Tuesday, November 29, 2011

Cain's candidacy sunk by unproven sex allegations

Herman Cain's presidential candidacy was given the last rites yesterday, and the funeral home is on standby to come and get the body. That should be a concern to all persons of good will.

 Another woman--this one, a 46-year-old unemployed, at least twice divorced, single mother named Ginger White--has crawled out of the woodwork to go on television and claim she had a 13-year-consensual-affair with Cain. Cain denies it.

Ms. White's motivation for coming forward to destroy a public man is known only to her, but like one of Cain's earlier accusers, White has a history of financial troubles, with a threat of eviction for non-payment of rent just two weeks ago. She's had liens filed against her dating back to 1994--eleven liens have been filed against her since 2009, nine in 2011 alone. The owners of her apartment complex have sued her for non-payment of rent nearly every month since the beginning of the year. Ten years ago, she filed a sexual harassment claim against an employer, and the case was settled. She filed for bankruptcy in the late 1980s. In January, there is a scheduled court date in an unrelated civil suit filed against her by a former business partner, Kimberly Vay, who alleges that White stalked and harassed her.

The previous woman to come forward and lob accusations against Cain, Sharon Bialek, claimed she was "too embarrassed" back in 1997 to report that Cain had sexually assaulted her then. Yet, mirabile dictu, somehow she overcame her embarrassment and plopped herself in the center-ring of a media circus next to grandstanding feminist lawyer Gloria Allred to tell all the world about her alleged ordeal. This was just weeks after that same woman was spotted hugging the man who supposedly sexually assaulted her fourteen years ago. Bialek's sordid narrative raises questions about whether she was the aggressor in whatever sexual dalliance might have occurred, http://www.libertymusings.com/blog/?p=885, and otherwise reeks of opportunism given her chronic financial problems, including dual bankruptcies, liens against her property, a paternity lawsuit, and multiple civil actions. If Bialek is telling the truth, she allowed a sexual assaulter to prey on other women for 14 years, all because she didn't feel like reporting it.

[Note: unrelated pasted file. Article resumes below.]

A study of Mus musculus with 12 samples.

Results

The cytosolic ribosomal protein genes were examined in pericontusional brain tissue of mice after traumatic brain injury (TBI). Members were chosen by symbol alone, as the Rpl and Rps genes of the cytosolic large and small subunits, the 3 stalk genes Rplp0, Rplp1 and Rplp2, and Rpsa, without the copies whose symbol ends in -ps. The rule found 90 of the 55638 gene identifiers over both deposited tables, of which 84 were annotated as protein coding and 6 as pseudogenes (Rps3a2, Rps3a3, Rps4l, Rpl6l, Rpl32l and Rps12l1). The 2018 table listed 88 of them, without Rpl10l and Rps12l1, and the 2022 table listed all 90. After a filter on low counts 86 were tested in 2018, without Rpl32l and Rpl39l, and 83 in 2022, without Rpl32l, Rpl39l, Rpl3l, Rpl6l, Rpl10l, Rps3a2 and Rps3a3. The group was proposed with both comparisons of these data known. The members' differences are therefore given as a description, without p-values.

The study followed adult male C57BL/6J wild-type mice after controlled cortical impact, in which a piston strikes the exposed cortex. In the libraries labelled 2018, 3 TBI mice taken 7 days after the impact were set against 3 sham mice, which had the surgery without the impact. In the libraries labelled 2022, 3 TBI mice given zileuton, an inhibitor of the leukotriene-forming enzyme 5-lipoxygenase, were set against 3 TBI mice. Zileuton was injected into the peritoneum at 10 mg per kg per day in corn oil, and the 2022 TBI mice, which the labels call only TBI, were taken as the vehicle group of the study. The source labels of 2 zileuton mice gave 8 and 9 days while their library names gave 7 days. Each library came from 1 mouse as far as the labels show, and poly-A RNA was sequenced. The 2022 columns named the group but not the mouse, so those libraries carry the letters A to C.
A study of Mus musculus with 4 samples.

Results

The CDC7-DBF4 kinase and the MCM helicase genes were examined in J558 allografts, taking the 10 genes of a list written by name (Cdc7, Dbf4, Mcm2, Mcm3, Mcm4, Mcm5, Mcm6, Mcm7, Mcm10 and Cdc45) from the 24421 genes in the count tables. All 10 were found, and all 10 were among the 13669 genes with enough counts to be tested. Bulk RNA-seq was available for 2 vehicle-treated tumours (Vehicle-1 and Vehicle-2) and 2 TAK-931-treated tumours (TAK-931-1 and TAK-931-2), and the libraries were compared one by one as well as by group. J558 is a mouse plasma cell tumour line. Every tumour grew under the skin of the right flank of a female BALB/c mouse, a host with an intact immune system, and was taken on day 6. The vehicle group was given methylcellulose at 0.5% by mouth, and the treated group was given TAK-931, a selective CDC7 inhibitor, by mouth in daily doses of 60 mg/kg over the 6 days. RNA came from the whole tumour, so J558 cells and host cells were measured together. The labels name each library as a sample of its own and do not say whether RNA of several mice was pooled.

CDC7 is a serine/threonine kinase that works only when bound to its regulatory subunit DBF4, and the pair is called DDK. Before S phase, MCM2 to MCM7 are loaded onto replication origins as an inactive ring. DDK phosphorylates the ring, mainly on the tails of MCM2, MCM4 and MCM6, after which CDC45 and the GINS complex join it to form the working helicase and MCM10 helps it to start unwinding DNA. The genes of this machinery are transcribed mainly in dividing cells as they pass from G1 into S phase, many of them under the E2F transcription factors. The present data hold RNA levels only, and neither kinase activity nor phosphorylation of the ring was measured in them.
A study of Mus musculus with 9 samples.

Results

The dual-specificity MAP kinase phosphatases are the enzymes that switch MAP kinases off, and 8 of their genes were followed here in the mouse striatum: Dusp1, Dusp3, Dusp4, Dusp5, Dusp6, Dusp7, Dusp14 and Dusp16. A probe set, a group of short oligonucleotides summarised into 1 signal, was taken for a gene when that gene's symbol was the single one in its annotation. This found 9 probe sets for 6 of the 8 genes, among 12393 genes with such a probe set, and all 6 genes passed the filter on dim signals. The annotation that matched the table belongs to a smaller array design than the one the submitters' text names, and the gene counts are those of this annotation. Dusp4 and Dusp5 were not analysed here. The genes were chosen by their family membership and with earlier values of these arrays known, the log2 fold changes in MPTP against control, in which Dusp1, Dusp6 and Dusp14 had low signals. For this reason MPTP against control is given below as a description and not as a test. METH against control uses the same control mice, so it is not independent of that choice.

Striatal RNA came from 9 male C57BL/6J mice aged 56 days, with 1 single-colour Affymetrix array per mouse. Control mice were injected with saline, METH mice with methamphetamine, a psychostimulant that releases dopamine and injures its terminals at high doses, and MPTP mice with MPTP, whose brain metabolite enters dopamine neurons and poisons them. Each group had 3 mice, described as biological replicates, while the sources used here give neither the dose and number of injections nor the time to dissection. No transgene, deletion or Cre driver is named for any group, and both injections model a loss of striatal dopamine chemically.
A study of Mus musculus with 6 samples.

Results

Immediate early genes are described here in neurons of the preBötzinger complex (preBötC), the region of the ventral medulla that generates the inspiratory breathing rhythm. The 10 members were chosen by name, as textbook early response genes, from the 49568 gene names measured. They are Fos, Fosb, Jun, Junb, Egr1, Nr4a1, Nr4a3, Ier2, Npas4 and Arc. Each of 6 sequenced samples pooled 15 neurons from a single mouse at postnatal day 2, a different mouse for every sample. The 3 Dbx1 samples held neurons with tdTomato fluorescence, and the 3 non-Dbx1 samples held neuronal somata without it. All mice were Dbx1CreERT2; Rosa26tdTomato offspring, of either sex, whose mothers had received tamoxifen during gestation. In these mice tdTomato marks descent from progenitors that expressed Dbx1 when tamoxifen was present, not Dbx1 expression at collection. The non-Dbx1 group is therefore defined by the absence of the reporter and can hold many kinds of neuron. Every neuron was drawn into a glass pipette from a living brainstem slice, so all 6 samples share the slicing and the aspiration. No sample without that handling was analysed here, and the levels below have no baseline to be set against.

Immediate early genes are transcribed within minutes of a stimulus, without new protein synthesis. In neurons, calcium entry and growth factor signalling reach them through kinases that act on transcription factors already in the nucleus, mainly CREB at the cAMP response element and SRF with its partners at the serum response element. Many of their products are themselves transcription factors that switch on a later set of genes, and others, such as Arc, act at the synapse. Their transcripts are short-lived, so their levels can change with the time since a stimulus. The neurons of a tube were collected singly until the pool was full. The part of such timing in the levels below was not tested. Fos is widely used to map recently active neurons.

And there were the women who filed and settled sexual harassment claims against Cain based on sketchy incidents that supposedly occurred in the 1990s.

Despite having a lead in the polls even after several accusers had made allegations against him, Cain faced an uphill battle to win the GOP presidential nomination under the best of scenarios. He has never held elected office and has a penchant for positing simplistic and dubious solutions for complex policy problems.

But, now, the sex allegations have taken their toll, and Cain's support among voters, especially women, has plummeted. His policy positions have become irrelevancies to Americans, and America's ratings-hungry news media, who prefer to revel in their favorite-of-all spectator sports: watching men--good men included--be destroyed by sex allegations.

Some zealots who insist that women don't lie about sexual misconduct say that focusing on the legal troubles of Cain's accusers is irrelevant and misogynistic, that it's not fair to insist an accuser be a "perfect" victim to be taken seriously. They are not just wrong to asssert this, they are dishonest and unjust. It is impossible for Herman Cain to "prove" his innocence in connection with these allegations absent direct evidence surfacing that White, Bialek, or the others, are lying, and such direct evidence is unlikely.  The allegations are purely of the "he said/she said" variety. Therefore, the character, the possible motiviations, and the legal pasts of the accusers are all relevant.

Some will say, "What are the odds that all these women would come forward if nothing happened?"

Perhaps the better question is this: "What are the odds that the two accusers we know a lot about, White and Bialek, would have such checkered pasts?"

Here's the bottom line: Cain's candidacy is all but finished, and that's wrong. It's wrong not because I favor Cain. I don't. It's wrong not because Cain is innocent. I have no way of knowing that, and neither do you.

It's wrong precisely because Cain has no way of proving his innocence even if he is innocent. When a sexual assault allegation was made against Al Gore last year, I made the same argument.

Still, our PC culture insists that Cain must be sacrificed. It is a longstanding, and grossly unjust, tradition in America that, when it comes to men and sex, especially public men and sex, the allegation is its own conviction, even allegations of ancient wrongdoing. This tenet has been heavily reinforced in recent years with the politically correct canard that insists "women aren't believed" when they report rape even though it's exactly the opposite: women are instantly believed. But instead of urging everyone to be wholly objective about the accusation, to be compassionate with the accuser, and to not assume the guilt of the accused, we are taught that it's somehow wrong not to instantly believe any woman or child who cries rape or alleges sexual misconduct, even if that means assuming the man or boy they accuse is guilty.

In one sense, it's difficult to blame the American people for being wary of Cain. They have no way of knowing what happened, and they want to elect a president of good character.

But in another sense, we are the grinning vigilante mob in Duluth and a thousand other places, posing next to the lifeless bodies of young black men hanging from trees for no reason other than that a woman cried "rape." Another man has been destroyed based on nothing more than accusations. When will good people stand up and say, "Enough!"?